Photo courtesy of J. David Roberston/University of Missouri
Researchers are starting to expand the search for dark matter candidates.
In May 2013, the Food and Drug Administration (FDA) approved the first cancer treatment drug containing an alpha-emitting isotope. At the 2014 APS April Meeting, J. David Robertson, professor of chemistry at the University of Missouri, discussed a new technique that involves embedding alpha emitters inside a layered, gold-coated nanoparticle to make them safe for treatment for even more types of cancer.
Endoradiotherapy is a form of internal radiation therapy in which a radioactive substance is ingested by or injected into the patient. Until last year, the radioactive isotopes used in endoradiotherapy were beta emitters (those that release electrons or positrons). While surgery is usually the best option for sizeable, isolated tumors, chemotherapy is utilized to destroy small groups of cancer cells (or “micrometastases”) in multiple locations.
Endoradiotherapy drugs offer a targeted alternative to chemotherapy for attacking micrometastases. The drugs can be engineered to bind to receptors that are found on the cancer cells. When released nearby, beta particles do significant damage to cell DNA by ionizing other atoms and creating reactive chemical species in the cells.
Alpha particles are more direct, delivering energy directly to the cell DNA and fatally disrupting chemical reactions. And while beta particles deliver a few hundred keV of energy over a few millimeters, alpha particles deliver a bigger punch of 5 MeV, but stop after a distance of a few microns. “That very large amount of energy deposited in short range…makes them more cytotoxic to the cell than beta emitters,” said Robertson. “And it will allow you to get the same therapeutic effect with [about an order of magnitude] less radioactivity.”
In May, the FDA approved Xofigo, previously known as Alpharadin, which contains the alpha emitter radium 223 chloride. Xofigo is currently being used to treat bone metastasis associated with prostate cancer. Robertson reports that a clinical trial of Alpharadin was so successful compared to placebo that the trial was stopped, so the control group could receive the drug as well.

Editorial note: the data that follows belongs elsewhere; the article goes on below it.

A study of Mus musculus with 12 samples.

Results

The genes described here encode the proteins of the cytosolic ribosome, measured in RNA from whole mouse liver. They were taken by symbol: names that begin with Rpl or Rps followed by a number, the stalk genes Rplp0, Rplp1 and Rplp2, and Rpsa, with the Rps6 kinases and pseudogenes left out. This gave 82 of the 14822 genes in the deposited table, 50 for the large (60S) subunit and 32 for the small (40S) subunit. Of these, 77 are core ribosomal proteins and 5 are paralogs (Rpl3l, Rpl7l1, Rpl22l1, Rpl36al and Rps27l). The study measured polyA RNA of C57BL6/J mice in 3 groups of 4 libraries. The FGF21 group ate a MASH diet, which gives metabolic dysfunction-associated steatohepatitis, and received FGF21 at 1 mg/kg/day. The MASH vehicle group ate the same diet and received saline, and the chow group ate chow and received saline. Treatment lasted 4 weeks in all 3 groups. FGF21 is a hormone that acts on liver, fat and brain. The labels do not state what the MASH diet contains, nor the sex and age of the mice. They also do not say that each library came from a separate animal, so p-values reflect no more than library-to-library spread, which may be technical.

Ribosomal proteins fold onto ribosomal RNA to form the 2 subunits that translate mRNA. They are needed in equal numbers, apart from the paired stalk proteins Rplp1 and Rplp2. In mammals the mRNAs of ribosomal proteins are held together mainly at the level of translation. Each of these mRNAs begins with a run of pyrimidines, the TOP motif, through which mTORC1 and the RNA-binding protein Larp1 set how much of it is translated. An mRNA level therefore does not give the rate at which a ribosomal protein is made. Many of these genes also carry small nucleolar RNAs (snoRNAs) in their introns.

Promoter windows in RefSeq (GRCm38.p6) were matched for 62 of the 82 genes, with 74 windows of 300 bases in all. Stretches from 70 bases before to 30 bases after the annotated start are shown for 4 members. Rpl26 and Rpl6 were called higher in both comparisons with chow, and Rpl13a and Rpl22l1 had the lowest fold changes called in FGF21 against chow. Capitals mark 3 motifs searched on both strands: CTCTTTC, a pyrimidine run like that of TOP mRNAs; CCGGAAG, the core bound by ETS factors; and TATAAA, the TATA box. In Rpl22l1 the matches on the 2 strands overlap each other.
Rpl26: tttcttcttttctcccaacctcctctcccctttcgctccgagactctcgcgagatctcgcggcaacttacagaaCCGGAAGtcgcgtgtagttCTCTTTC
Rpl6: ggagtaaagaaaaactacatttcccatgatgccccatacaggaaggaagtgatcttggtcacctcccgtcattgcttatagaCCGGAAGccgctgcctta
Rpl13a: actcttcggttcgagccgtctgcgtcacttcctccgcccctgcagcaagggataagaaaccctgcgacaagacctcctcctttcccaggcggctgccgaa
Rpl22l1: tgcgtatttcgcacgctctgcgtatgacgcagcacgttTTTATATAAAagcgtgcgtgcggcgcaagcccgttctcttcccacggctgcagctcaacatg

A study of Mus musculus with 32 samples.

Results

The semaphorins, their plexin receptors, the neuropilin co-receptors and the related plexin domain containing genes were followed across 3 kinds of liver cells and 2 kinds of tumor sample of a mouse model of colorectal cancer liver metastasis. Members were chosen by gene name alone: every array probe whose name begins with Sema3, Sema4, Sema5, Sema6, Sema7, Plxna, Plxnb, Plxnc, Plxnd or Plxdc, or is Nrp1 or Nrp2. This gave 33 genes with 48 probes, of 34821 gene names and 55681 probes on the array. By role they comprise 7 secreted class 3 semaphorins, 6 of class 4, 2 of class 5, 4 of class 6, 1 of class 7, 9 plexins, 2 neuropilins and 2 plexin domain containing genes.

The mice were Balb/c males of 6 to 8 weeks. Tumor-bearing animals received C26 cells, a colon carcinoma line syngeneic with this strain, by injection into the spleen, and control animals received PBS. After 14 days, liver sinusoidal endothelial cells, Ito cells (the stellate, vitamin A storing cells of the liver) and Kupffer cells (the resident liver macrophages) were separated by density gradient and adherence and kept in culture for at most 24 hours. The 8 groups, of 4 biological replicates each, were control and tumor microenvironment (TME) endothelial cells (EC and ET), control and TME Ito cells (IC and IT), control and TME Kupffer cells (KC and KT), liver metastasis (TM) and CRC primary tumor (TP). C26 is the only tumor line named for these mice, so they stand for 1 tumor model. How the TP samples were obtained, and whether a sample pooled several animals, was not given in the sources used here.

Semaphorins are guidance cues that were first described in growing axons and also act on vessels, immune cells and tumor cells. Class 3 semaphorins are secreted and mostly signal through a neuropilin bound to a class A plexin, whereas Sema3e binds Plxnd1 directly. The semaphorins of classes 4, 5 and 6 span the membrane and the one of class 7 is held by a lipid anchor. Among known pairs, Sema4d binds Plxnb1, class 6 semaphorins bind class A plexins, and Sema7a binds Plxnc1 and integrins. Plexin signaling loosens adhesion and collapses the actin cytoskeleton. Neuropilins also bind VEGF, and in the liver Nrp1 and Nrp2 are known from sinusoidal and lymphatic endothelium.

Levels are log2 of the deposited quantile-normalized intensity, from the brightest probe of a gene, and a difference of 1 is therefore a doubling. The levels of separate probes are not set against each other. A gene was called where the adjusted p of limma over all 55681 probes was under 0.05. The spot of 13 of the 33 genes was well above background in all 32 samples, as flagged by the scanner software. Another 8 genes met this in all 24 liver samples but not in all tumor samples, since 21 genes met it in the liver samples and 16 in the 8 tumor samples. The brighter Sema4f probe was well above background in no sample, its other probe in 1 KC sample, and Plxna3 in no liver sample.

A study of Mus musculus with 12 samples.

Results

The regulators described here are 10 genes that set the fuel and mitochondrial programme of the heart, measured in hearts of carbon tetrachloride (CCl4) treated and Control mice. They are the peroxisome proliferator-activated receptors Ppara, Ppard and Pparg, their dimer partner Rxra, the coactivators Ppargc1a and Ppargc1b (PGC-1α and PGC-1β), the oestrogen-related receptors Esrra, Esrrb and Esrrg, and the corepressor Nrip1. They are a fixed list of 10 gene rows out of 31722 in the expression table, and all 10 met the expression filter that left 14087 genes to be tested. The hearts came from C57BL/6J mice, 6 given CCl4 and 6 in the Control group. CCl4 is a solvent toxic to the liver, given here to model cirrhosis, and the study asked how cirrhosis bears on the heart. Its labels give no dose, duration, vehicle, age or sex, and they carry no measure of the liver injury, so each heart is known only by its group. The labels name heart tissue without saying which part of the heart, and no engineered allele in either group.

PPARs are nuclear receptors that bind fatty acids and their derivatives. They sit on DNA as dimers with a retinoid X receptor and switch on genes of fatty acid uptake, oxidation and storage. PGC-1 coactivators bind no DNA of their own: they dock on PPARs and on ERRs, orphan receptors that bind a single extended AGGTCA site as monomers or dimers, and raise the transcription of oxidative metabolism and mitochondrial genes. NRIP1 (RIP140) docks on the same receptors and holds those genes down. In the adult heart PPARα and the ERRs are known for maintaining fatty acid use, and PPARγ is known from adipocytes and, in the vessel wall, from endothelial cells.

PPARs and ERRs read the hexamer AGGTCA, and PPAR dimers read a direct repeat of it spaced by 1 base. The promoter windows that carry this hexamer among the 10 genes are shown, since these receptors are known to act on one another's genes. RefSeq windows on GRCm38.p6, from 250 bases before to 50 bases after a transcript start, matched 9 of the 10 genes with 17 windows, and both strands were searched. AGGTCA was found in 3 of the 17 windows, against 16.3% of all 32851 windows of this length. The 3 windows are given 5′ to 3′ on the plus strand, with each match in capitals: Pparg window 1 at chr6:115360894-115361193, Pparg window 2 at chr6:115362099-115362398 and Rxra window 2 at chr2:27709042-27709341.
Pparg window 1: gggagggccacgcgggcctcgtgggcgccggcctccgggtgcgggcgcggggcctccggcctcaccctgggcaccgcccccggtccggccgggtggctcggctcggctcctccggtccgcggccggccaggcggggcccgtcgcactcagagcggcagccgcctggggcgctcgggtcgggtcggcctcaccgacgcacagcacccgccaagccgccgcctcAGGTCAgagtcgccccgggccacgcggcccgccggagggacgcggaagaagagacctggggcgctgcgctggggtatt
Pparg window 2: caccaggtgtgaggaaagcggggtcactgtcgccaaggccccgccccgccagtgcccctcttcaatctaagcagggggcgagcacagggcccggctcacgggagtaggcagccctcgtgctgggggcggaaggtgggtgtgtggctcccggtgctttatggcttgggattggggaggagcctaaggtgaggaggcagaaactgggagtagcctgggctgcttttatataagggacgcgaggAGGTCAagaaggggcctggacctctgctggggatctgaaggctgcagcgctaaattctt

Robertson and his collaborators from Oak Ridge National Laboratory and the University of Tennessee are in the preclinical phase of research to adapt the alpha emitter actinium 225 for endoradiotherapy. The isotope has a half-life of 11 days, which is ideal, since it gives the researchers plenty of time to synthesize the drug (about 2 days) and then let it pass through the body and accumulate at the target site (another 2 to 3 days).
But decaying particles come with certain challenges: In the case of 225Ac, the alpha particle breaks free of the actinium nucleus with an energy of 5 to 6 MeV. This gives the daughters of the actinium a kick of about 100 keV, which is more than enough to tear through a molecular chain or a layer of cells, and send the daughters traveling through the body. The isotope 225Ac eventually decays to bismuth, which has a 46-minute half-life and can be toxic if it builds up in the kidneys.
Robertson and his colleagues think they have found a solution: wrap the actinium in a layered nanoparticle to absorb the recoil energy and contain the daughter isotopes. The final product includes inner layers of lanthanide phosphate and gadolinium phosphate, and an outer layer of gold. The alpha particles still manage to escape the nanoparticle with only 0.1% energy loss, but after 24 hours 90% of the bismuth is contained in the nanoparticle or in nearby cells. Robertson says previous efforts to contain the bismuth byproduct of 225Ac decay have succeeded in containing only 10 to 20 percent.
“We’re close to the goal of 100% [retention of bismuth],” said Robertson. The gold nanoparticle is currently being tested in the first phase of preclinical trials. Now Robertson and colleagues will have to see if the retention of bismuth is good enough to justify using the drug in humans. It comes down to the same question that doctors must ask of so many cancer drugs — “Does the benefit outweigh the risk?”